Charlie Sheen: Working-class hero 

I've avoided writing about the Charlie Sheen situation for weeks now on the theory that there are many more important stories going on in the world. Surely, the story of a Hollywood actor's meltdown can't be as important as the fact that our state's lawmakers are political refugees or that tens of thousands may be dead in Japan.

And I am right. There are many, many items in the news that trump Sheen's fights with his studio, the police and the courts. But none of those stories have resonated as deeply with Americans in the past few weeks.

Surely, there is no need to recount Sheen's story by now. He was fired last week from his job on TV's most popular comedy, after public battles with the show's producer and Sheen's refusal to enter rehab for substance abuse issues.

I've never watched an entire episode of Sheen's series; from what I gather, it's a typical Red State comedy enjoyed by my grandmother and nobody else I know. I'm usually watching Intervention at 9 p.m. on Monday if I'm not reading or playing videogames.

But the media circus surrounding the story has not only been impossible to escape, it's also been the most entertaining program I've seen in years. The degree to which one man can hijack our television news and dominate the headlines is unprecedented in recent times.

Why has the Sheen story been so popular? It isn't because another star is having a meltdown; the media has fed us those stories for decades now. And it isn't because Sheen himself is such a paragon of virtue; his arrests for domestic violence and his preference for prostitutes makes him a less-than-sympathetic character.

The reason Sheen's issues have been so compelling is that his actions, and his employer's reactions, have made him what John Lennon and many others have aspired to be: a true working-class hero.

How many times have Americans been fired from jobs for what they see as bullshit reasons? And how many people have wanted the opportunity to not only tell off their bosses but to do it in the most public way possible? Most of us, I'd gather.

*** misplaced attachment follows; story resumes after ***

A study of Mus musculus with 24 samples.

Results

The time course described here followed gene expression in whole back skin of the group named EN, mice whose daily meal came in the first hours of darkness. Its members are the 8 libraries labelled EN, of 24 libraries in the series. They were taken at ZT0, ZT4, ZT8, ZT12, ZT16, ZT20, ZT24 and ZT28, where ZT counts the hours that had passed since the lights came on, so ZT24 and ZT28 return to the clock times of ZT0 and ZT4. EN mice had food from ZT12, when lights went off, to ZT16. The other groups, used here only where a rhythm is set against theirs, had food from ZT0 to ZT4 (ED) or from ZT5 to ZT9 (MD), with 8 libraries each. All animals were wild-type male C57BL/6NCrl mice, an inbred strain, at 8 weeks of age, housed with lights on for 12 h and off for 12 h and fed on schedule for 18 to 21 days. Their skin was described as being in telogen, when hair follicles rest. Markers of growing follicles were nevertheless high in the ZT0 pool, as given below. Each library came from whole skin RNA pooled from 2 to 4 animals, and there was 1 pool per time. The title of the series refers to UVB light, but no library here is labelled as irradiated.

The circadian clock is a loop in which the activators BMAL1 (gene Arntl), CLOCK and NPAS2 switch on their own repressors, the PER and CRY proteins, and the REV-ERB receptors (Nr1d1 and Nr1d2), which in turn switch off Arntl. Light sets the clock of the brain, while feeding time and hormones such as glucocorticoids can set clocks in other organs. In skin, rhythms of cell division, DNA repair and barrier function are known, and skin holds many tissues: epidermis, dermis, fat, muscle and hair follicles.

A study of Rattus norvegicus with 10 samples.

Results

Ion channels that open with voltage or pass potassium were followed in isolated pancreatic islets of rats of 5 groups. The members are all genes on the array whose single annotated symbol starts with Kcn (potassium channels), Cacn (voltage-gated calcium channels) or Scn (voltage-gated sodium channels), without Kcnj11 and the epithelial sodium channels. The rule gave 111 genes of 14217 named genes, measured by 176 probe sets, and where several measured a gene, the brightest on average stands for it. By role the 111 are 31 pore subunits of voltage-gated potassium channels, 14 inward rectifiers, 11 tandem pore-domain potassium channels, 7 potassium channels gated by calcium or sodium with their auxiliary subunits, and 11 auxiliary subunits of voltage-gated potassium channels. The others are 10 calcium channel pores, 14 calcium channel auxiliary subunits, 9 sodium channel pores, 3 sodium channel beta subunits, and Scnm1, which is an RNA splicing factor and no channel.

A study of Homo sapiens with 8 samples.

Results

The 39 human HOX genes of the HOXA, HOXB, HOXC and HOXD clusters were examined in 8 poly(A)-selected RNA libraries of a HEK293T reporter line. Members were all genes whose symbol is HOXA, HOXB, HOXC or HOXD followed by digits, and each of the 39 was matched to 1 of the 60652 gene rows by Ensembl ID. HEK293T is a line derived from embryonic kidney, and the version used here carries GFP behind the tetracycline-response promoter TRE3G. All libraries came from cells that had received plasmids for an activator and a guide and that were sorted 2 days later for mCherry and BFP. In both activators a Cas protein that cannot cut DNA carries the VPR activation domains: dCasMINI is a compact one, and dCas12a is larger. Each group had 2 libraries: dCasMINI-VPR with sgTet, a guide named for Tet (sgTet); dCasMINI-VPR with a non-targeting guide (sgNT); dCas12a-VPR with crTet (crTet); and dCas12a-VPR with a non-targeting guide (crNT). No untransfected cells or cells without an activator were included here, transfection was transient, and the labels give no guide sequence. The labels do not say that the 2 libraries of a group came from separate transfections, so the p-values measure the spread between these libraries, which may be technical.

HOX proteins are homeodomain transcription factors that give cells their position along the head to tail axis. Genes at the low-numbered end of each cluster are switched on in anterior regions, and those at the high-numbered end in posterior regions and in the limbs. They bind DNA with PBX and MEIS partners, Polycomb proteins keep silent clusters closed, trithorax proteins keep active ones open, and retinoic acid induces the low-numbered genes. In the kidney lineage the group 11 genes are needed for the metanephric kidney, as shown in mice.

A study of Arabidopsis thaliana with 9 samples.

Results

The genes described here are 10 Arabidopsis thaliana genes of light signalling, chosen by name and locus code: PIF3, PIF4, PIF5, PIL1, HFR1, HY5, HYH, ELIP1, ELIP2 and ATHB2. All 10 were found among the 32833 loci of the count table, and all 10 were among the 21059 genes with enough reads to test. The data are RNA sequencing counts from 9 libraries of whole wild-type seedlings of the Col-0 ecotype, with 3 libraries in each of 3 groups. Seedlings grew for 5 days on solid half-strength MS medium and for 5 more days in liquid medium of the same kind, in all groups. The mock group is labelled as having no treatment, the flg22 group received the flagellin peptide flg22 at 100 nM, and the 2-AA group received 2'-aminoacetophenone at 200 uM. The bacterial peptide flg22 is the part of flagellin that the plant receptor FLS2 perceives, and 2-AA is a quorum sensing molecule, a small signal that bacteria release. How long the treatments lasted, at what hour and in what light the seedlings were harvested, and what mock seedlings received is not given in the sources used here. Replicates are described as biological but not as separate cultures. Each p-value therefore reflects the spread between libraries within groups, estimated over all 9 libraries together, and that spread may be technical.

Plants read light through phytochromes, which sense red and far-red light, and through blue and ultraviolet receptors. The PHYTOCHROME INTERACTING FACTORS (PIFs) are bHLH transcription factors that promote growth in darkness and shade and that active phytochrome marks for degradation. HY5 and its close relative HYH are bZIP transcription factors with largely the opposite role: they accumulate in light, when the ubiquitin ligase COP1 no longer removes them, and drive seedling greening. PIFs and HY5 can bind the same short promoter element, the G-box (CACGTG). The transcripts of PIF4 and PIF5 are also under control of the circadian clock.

There have been several occasions in my own life where I would have welcomed a public forum to tell my side of the story after being fired from jobs where I had not only been productive but had also generated huge amounts of revenue for the folks who let me go.

In an era where trade unions have been demonized and in some cases outlawed, it's never been more clear that big business hates its workers and would fire them all if necessary to please their shareholders.

The millions who've lost their jobs due to outsourcing or because their employers wanted to cut costs are watching Sheen's antics and cheering him on, whether they ever watched Two and a Half Men or not.

The official explanation that Sheen's drug problems led to his dismissal falls short. He's been abusing drugs, by his own admission, for years. It was only after he criticized his employers that they fired him.

Again, this resonates with American workers. Employers don't want to hear that they're wrong, even — and especially — when they are. It's far easier to fire the messenger than to fix the problem about which the messenger's complaining.

After watching the legislatures of Indiana and Wisconsin — who seem not to care at all about the teachers and public-sector workers in their states and, in fact, would terminate them all and replace them with outsource workers from Mumbai if they could — Sheen has become a proxy for all the pissed-off workers about to be fired in the United States.

His catchphrases, whether inspired by drugs or not, have become our catchphrases. We all like to think that our opinions about our idiot employers are "torpedoes of truth." And we all want to believe that we are "winning," even after we've been told to clear out our desks.

Whether he intended to do so or not, Sheen has done quite an improbable thing: turn a millionaire actor with a history of drug abuse into a symbolic figure for all the hardworking men and women who've been wronged by their rich bosses.

He may be an imperfect messenger, but his message is like that of revolutionaries everywhere: The system is corrupt, its leaders are immoral and capricious, and an honest man can't catch a break from big business.

Unlike the millions victimized by the Bush Depression of 2008-12, Sheen will end up fine. In fact, I think he'll eventually be rehired for his old job after the current fervor dies down.

But politicians would be myopic to ignore the underlying issue that this issue has brought to the surface. Workers are tired of being treated as little better than slaves and tired of making others rich while they work for peanuts.

So we're on your side, Charlie! Keep throwing those fastballs at the millionaires! Keep winning! If you can, maybe we can too.